BAGHDAD (Reuters) -- U.S. President Barack Obama will withdraw forces from Iraq sooner than the three-year deadline agreed by former President George W. Bush, Iraqi Prime Minister Nuri al-Maliki has said.
Under a pact agreed with the previous U.S. administration, the U.S. troops that invaded Iraq in 2003 to topple Saddam Hussein have until the end of 2011 to leave.
But Obama pledged during his election campaign to pull out combat troops within 16 months. U.S. defense officials say that 16-month timeline is one of the options on the drawing board.
The pace of withdrawals "will be accelerated and occur before the date set in the agreement," al-Maliki told a crowd of supporters in the southern Iraqi city of Babil during a campaign rally ahead of the January 31 provincial elections.
"As a result, we must boost the determination of our brothers in the ministries of Defense and Interior to complete the building up of our military and security forces to take on fully the task of providing and preserving growing security."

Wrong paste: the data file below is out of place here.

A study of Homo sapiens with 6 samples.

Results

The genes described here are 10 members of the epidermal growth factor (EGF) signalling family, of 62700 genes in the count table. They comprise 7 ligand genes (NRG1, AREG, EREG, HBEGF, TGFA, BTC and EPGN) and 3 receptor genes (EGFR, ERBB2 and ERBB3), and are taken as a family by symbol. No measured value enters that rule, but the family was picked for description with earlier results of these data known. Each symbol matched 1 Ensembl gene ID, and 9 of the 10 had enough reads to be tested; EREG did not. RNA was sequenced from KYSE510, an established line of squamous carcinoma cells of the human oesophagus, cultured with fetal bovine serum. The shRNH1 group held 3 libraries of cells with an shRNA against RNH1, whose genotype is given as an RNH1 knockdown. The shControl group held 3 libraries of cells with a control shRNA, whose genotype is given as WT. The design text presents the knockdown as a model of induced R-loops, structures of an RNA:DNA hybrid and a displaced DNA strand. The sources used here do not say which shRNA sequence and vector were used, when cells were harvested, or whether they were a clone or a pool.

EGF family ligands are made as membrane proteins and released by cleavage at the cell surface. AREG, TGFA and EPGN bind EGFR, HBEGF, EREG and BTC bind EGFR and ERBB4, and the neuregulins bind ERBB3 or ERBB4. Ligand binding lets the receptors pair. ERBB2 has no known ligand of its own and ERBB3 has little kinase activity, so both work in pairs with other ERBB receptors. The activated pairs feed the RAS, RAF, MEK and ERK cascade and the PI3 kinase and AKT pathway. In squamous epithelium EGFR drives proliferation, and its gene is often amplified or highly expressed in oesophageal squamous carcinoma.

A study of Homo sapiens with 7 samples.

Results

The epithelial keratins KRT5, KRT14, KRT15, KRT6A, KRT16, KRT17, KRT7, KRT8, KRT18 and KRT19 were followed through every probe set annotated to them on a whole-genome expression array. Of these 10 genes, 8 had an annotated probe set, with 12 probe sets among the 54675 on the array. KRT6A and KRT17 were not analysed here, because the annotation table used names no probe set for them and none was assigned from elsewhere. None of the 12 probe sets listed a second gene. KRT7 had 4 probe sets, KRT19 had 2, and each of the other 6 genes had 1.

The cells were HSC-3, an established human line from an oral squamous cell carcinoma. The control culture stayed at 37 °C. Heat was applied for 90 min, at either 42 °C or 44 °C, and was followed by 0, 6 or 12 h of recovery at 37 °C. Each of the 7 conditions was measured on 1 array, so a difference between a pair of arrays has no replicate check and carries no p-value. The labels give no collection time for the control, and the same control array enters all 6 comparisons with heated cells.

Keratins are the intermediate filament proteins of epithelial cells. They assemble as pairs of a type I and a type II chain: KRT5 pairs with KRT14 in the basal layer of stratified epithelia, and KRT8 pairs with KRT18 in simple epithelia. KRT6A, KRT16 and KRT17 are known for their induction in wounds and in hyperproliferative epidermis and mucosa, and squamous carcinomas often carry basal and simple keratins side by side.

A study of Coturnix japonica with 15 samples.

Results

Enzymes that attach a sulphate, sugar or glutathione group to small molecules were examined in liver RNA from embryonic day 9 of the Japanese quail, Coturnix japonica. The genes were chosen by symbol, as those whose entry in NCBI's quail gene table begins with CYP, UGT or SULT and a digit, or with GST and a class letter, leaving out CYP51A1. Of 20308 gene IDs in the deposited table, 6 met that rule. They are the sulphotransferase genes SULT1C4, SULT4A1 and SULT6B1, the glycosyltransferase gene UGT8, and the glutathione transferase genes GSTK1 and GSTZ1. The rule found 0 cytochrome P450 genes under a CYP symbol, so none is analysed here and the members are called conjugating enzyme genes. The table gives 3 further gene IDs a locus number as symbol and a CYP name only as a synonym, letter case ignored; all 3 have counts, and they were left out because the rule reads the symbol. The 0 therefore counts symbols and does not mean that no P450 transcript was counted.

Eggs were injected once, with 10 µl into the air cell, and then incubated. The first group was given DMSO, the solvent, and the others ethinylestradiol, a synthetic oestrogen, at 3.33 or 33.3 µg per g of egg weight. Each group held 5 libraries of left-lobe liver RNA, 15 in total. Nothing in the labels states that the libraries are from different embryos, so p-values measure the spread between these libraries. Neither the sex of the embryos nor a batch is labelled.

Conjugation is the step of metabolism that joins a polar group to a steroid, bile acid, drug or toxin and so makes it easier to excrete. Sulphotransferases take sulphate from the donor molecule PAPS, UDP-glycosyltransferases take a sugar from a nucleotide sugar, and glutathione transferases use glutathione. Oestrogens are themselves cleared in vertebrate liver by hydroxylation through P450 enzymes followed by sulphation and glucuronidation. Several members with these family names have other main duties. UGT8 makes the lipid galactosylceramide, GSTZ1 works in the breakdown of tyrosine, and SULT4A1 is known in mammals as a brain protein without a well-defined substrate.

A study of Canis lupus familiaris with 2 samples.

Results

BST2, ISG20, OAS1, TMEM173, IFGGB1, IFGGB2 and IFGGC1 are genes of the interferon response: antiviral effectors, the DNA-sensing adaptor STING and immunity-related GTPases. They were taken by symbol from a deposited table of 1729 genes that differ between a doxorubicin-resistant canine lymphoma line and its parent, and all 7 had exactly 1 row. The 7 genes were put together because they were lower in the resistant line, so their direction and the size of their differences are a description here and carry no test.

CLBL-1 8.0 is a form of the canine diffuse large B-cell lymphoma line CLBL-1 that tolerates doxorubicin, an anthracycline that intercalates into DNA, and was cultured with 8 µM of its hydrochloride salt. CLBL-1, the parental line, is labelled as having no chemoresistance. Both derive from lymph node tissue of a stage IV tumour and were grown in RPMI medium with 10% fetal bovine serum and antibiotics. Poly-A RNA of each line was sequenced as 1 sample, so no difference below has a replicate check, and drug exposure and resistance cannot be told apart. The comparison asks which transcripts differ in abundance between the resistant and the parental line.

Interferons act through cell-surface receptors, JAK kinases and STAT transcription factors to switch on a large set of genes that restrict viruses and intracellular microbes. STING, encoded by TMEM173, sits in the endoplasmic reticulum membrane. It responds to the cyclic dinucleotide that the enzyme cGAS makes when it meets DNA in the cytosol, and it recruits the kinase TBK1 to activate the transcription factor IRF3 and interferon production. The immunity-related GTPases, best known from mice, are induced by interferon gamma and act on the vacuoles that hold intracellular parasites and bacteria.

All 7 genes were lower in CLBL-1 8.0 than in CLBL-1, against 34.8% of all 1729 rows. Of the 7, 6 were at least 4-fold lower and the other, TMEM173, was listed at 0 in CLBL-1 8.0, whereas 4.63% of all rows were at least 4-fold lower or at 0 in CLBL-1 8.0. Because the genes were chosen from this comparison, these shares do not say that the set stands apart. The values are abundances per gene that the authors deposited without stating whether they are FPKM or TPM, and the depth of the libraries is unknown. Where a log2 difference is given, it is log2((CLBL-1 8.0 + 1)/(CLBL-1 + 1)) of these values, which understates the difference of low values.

The sectarian slaughter and insurgency unleashed by the U.S.-led invasion and in which tens of thousands of Iraqis and more than 4,000 U.S. soldiers died has begun to ease.
Suicide and car-bomb attacks remain common, but growing security as Iraqi police and army units become increasingly proficient has allowed a semblance of normal life to return to many parts of the country.
The U.S. ambassador to Iraq has warned that a precipitous departure by U.S. troops would be dangerous, but he also said that was unlikely under Obama, who has spoken of handing Iraq back to its people "responsibly."
What exactly that means is still being determined in Washington, U.S. officials say.
Iraq's Defense Minister Abd al-Qadir Jasim said last week that the Iraqi military was "prepared for the worst" if Obama ordered a swift withdrawal.